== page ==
On the first day of school, we talk for just a little bit about how students will eventually receive a letter grade for chemistry, not too much because this is what everyone else does and we want to move on to bigger and better things just as soon as we possibly can. Usually, there are some sideways looks and maybe even a few questions, but what I have noticed is that while there is nodding, the reality doesn't actually set in until there are actual marks involved.
On Friday, we finished up our Mass and Change Lab, talked about the Conservation of Mass and turned in our lab notebooks. Pretty routing and straightforward.
Today, the notebooks were handed back. Along with the notebook is a sheet that I have typed out comments about each target that is assessed. They look something like this...*Lab Notebook Feedback Sample
There is always (even near the end of the year) that minute or so where kids are turning the paper over, looking for their grades. So I let them flounder for a while, mumbling among themselves, until finally someone speaks up and asks what everyone wants to know. "How did I do on this?"
Most of the time, I come back with something along the lines of, "well, how do you think you did?" This is often met with blank stares while they try to absorb what I am trying to say. I didn't give them a grade, and they have no idea how to handle that. Today, I had them talk to their lab partners about their comments. What are some things you did well? What do you need to work on? If you were to give yourself a grade, what do you think it would be?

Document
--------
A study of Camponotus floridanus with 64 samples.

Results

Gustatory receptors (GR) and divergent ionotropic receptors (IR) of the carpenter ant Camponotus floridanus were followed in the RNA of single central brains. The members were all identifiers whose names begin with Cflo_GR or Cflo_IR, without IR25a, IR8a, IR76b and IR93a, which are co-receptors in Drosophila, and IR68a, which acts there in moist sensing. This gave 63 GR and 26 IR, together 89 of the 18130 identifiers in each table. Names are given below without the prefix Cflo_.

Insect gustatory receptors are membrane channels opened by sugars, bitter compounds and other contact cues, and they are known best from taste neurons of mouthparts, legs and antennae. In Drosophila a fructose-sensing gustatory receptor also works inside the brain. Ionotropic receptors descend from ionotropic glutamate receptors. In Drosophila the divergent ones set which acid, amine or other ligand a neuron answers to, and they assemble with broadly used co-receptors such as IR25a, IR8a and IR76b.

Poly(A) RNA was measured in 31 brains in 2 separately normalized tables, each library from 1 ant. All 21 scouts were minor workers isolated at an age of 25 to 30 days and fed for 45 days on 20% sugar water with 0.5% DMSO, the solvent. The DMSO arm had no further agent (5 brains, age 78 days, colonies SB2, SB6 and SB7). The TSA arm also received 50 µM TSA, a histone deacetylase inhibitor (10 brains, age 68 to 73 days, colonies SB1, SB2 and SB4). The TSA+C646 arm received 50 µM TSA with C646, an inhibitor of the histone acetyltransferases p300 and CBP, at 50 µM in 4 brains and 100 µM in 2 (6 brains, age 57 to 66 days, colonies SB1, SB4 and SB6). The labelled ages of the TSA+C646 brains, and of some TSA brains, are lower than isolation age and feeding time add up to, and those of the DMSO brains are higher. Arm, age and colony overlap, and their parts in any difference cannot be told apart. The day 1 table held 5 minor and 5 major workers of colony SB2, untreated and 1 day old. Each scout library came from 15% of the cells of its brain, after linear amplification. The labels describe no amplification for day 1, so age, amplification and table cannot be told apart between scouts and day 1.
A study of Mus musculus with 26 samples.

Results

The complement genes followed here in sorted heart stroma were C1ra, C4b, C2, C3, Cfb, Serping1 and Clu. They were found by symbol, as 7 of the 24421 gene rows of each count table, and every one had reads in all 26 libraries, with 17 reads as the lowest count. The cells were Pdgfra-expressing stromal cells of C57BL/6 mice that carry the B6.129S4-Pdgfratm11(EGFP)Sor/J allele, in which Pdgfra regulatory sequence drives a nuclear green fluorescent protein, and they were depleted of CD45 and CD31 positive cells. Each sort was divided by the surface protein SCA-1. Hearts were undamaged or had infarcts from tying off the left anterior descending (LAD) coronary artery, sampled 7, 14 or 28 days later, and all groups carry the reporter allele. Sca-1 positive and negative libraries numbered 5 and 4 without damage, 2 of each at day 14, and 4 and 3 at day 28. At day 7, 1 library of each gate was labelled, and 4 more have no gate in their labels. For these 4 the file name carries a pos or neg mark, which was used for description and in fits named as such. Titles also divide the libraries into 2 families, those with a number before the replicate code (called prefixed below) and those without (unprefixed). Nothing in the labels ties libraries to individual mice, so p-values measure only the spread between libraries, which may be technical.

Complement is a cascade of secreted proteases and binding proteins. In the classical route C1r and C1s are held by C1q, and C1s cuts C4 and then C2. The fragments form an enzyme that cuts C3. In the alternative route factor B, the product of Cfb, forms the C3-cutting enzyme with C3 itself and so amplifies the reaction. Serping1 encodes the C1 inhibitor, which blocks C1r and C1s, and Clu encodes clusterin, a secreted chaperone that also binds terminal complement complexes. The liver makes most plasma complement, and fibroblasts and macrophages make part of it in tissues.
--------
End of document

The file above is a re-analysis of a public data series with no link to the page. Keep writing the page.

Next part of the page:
I try to get them to see that it's not just about a number, but about what you can do to truly learn about something. Some try to make sense of it, some just humor me.
Then, I pointed to the wall where I have posted the targets we are covering at this particular time. Remember these green sheets we keep pointing to? Let's talk a little bit more about those. So today, I reintroduced my new and improved grading system. There were a lot of wary looking kids sitting out there. And then I handed out their grade sheets.
See, we use PowerSchool as our grading program, and I know there must be a way, but, for the life of me, I can't figure out how to get it off of percents. So if I put in 2 points as possible and you get a 1, it shows you have a 50%. Even after promising not to, some of them freaked out, although, thankfully, none of them cried.
While there wasn't much in the way of excitement about the new system, at least there wasn't any outright hostility. I think just getting over the initial shock and getting used to the idea will be smoother than past years.
I know that I like it much better than what I did last year. Getting rid of the 3 and 4 levels makes this so much easier. Where last year, I would have hem-hawed around and made a judgement call, this year, I can simply say, "not perfect" and give it a 1.
And then.....I introduced capstones. Now that is a different story. There was quite a bit to say about those...
*This is a critique for another day, but there are a few things I would change about this. I find myself only picking out the things a student did wrong. My goal this year is to also leave specific comments about what was done correctly as well. For whatever reason, I find this much more difficult. But I love typing it out. Copy/paste is soooooo handy sometimes.